Supporting enterprises’ innovation agendas is no longer simply an opportunity for in-house shared services centers – what we call global in-house centers (GICs); it’s fast becoming a competitive imperative. And, contrary to popular perception, cracking the innovation code requires much more than just novel ideas. Success entails boarding the right people on the bus, gearing them up with the right mechanisms to drive agile decision making, and reengineering the organization’s cultural DNA to foster innovation. We’ve developed a simple approach that will help you solve this complex problem.
Let’s take a look at the three components.
Innovation is not the product of logical thought, although the result is tied to logical structure – Albert Einstein
The first element is formulation of the right mechanisms to evangelize innovation initiatives. It requires the right idea generation mechanisms to harness unique ideas from both internal (GIC and parent company stakeholders) and external (including startups, academia, and service providers / specialists) ecosystems. A critical part of this is evaluating the strategic rationale for the partnership. While some shared services centers partner with third-party providers and start-ups for talent augmentation and skill acquisition, others leverage the connections to develop domain expertise or increase the speed of innovation.
Another essential component, specifically for GICs, is the right funding mechanism. While we see most shared services centers carving out a separate fund for innovation (which is part of the overall GIC CEO budget), we are increasingly seeing them push for a global/centralized fund where the innovation team within the center operates as an extension of the global innovation team(s), and is funded by centralized global venture funds / programs. For select initiatives, we have also seen GICs securing funding from business units and driving project-based innovation initiatives.
The third component here is timely deployment of robust governance mechanisms. Shared services centers need to adopt a disciplined approach to rigorously track performance and incorporate remedial feedback on a continual basis. This not only helps to assess the effectiveness of activities, but also guides allocation process for resources, and helps assign accountability for actions/responsibilities.
Innovation has nothing to do with how many R&D dollars you have. When Apple came up with the Mac, IBM was spending at least 100 times more on R&D. It’s not about money. It’s about the people you have and how you’re led – Steve Jobs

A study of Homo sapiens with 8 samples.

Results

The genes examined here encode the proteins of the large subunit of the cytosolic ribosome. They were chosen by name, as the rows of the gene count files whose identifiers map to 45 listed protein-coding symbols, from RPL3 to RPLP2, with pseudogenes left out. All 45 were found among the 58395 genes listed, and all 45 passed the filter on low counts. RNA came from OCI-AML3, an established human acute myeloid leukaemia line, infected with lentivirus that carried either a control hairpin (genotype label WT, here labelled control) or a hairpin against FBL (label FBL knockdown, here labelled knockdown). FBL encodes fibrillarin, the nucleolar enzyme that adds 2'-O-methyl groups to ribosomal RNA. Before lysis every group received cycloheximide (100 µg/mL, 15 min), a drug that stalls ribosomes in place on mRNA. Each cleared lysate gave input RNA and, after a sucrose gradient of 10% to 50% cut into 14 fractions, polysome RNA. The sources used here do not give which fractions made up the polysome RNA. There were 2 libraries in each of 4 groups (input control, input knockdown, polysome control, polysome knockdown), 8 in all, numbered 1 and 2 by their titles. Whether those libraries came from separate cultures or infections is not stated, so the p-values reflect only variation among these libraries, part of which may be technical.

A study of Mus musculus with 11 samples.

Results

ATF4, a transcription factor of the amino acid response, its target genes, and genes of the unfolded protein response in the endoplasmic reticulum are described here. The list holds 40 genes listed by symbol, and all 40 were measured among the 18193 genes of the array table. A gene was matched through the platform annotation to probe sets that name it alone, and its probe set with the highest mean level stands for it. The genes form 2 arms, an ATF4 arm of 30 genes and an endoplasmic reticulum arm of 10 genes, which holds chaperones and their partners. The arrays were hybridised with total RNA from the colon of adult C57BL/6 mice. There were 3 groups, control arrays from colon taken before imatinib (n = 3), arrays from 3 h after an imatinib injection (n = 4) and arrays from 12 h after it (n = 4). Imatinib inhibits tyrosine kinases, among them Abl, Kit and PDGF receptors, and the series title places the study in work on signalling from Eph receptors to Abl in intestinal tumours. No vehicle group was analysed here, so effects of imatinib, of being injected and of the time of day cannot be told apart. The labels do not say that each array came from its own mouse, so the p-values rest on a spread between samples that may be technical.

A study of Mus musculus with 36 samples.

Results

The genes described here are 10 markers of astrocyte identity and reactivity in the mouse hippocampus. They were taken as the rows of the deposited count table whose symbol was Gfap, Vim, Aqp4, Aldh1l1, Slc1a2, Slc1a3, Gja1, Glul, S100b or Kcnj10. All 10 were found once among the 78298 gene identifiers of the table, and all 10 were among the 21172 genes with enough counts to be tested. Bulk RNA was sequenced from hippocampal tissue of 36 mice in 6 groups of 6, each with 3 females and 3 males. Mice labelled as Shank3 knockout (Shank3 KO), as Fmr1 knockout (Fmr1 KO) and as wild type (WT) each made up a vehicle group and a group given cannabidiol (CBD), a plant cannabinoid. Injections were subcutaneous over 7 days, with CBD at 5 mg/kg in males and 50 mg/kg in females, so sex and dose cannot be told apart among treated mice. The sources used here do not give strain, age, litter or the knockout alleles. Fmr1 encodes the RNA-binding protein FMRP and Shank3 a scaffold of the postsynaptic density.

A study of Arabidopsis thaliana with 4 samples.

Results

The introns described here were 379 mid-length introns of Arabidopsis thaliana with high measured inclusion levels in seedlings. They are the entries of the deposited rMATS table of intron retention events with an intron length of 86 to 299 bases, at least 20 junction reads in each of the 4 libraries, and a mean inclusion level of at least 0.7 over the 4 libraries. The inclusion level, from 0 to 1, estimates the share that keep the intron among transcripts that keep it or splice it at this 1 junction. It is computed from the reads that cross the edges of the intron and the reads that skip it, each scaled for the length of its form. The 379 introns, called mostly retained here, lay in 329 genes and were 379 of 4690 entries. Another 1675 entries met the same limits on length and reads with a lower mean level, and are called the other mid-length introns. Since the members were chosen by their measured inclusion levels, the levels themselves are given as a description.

Involving the right people in the right team structure is the second critical component. Leading GICs involve stakeholders from different parts of the organization, i.e., functional and business teams, central innovation groups, R&D departments, and corporate teams to invest time in exploring adjacent and transformational opportunities. This helps in cross-pollination of teams and enables development of a holistic solution in an accelerated go-to-market timeframe. While we have seen varied designs for innovation teams (based on organizational fit and business alignment), the common thread is the focused top-driven approach to creating structural changes, supplemented by continuous support from middle management to ensure smooth implementation.
Another key initiative leading centers are taking is remodeling their existing talent practices. They are now shifting their focus from hiring for specific “skills” to hiring for “learnability” / “thinking skills”, i.e., the ability to innovate. They are incentivizing innovation, and providing special recognition for outside- the-box thinking. We are also seeing strong innovators recalibrate their existing performance measurement metrics to align with the impact generated against the business objectives.
“Innovation is not something you do for one afternoon a week, it’s got to be in your DNA” – Jasper de Valk and James van Thiel, Google
The third principal tenet to ensuring foundational success on the innovation journey is dedicated investment in developing a customer-centric culture with active CXO-level participation. Shared services centers are deploying multiple tools to reengineer their DNA and develop a culture that breeds innovation. Most successful examples include: gamification of programs and distinctive recognition for positive reinforcement; stimulation of an experimentation mindset and instillation of risk appetite; and adoption of flexible employment models, including remote working, crowdsourcing, and open innovation.
Although new technologies are path-breaking, we believe that the key to a GIC’s success is incremental innovation. They should keep testing small-scale POCs to demonstrate end-client value and build credibility. Successful implementation of pilots can help them instill confidence among parent stakeholders, and ensure adequate support and funding for much larger scale initiatives. This process also presents centers with an opportunity to course-correct early and drive/lead enterprise-wide digital initiatives.
If you’d like detailed insights and real-life case studies on how GICs have effectively driven the innovation agenda for their enterprises, please read our recently published report – Leading Innovation and Creating Value: The 2019 Imperative for GICs. And feel free to reach out to us at [email protected] to explore this further. We will be happy to hear your story, questions, concerns, and successes!